Vi et arme. Chuck glider. All sheet. Contest winning design.
Quote: "Britain's best indoor chuck glider design with a top time of 45.5 secs. at the indoor Nats. Vi et arme, by JT Ellison.
ON THE WHOLE, the chuck glider is regarded as one of the simplest forms of aeromodelling. This may be so when a stable flight pattern satisfied the modeller's desires. However, when a chuck glider is intended to be used for contest work, more thought and care is required in the building of the model. Chuck gliding becomes a speciality, and not something to pass a pleasant, if hectic, half-hour between other indoor contests. The plans of this model are intended for the benefit of the serious modeller keen on obtaining high durations.
The first essential point in the construction of indoor hand launched gliders is the selection of materials. For the wing, extreme care should be taken to choose wood which is very light, yet which has sufficient strength to withstand the initial launch. Stresses imposed are considerable, as launching speeds have been estimated at up to one hundred mph. The tail and fin are best cut from quarter grain sheet, which is very rigid as this will discourage any tendency to flutter on launch. The fuselage is cut from medium hard straight grained balsa, this also must be rigid, to reduce any whipping.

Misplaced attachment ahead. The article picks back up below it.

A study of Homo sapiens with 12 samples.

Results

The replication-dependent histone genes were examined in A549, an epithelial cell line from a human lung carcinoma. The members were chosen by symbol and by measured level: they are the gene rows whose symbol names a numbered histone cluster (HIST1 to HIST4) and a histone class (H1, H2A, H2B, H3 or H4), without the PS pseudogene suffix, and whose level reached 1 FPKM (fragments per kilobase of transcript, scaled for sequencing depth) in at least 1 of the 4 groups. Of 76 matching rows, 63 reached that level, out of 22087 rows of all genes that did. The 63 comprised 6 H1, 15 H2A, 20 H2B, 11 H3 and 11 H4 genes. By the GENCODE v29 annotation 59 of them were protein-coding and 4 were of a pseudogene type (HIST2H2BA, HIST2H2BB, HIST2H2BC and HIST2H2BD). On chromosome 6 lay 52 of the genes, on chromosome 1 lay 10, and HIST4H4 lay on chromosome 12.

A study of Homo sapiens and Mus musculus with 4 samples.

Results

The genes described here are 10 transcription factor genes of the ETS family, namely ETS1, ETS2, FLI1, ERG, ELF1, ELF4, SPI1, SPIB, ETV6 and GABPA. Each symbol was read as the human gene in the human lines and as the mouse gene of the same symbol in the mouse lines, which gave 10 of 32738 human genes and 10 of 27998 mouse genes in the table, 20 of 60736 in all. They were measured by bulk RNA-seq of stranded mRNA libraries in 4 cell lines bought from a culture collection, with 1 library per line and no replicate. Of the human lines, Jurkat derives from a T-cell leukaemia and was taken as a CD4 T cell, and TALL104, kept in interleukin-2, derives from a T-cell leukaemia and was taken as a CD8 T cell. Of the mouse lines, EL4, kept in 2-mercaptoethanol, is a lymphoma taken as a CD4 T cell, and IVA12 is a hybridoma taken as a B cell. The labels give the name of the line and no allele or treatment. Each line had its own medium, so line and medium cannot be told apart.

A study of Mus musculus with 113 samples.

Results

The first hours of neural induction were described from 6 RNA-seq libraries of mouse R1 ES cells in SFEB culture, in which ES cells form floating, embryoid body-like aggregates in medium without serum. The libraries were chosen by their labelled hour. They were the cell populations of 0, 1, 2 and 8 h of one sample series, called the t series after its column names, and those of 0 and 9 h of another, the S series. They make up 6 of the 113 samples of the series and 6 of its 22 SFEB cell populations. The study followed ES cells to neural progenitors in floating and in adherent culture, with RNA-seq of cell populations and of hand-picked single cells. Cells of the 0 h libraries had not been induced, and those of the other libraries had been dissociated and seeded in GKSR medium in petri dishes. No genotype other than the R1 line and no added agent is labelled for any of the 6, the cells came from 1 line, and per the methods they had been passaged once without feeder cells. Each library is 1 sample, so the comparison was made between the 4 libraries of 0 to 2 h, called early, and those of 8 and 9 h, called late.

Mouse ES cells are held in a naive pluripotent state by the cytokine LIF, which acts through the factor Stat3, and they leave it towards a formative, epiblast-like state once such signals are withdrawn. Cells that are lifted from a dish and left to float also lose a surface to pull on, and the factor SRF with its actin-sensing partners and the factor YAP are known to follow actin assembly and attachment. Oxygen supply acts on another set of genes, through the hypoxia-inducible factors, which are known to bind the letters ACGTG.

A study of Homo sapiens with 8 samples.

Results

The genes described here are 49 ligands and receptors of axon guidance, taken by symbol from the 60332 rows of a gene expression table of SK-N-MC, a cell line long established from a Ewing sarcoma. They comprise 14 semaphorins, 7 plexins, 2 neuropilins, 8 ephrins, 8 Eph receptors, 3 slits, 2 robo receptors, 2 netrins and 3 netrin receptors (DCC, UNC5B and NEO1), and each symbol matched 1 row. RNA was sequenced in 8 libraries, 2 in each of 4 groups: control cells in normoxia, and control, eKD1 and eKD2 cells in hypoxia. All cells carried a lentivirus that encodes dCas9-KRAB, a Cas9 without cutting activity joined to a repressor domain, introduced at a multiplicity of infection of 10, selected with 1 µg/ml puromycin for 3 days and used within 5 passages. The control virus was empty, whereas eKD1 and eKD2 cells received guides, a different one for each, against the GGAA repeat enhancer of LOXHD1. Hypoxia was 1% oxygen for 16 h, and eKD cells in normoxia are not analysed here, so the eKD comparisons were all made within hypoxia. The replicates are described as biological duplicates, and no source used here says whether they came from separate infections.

After cutting out the wing, tail, fin, fuselage and finger grip, proceed as follows.
If the model is intended to be flown in a small hall, a length of 1/16 in square hardwood should be cemented to the leading edge of the wing before carving and sanding. Carve the wing to rough airfoil section, then sand to the exact contour shown. The use of a template to check the section during sanding is strongly recommended. Care should be taken not to apply too much pressure when sanding as this compresses the wood, reducing thickness but not weight. Cut the wing through at the dihedral breaks and sand the ends to exactly the required angle. Pre-cement the dihedral joints.
Carve and sand the tailplane and fin to airfoil section in similar manner to the wing. It should be noted that the fin has a sideways lifting section to assist in providing turn when the model is gliding. The side of the fin to be left flat is the port side..."
Update 06/11/2018: Added article, thanks to RFJ.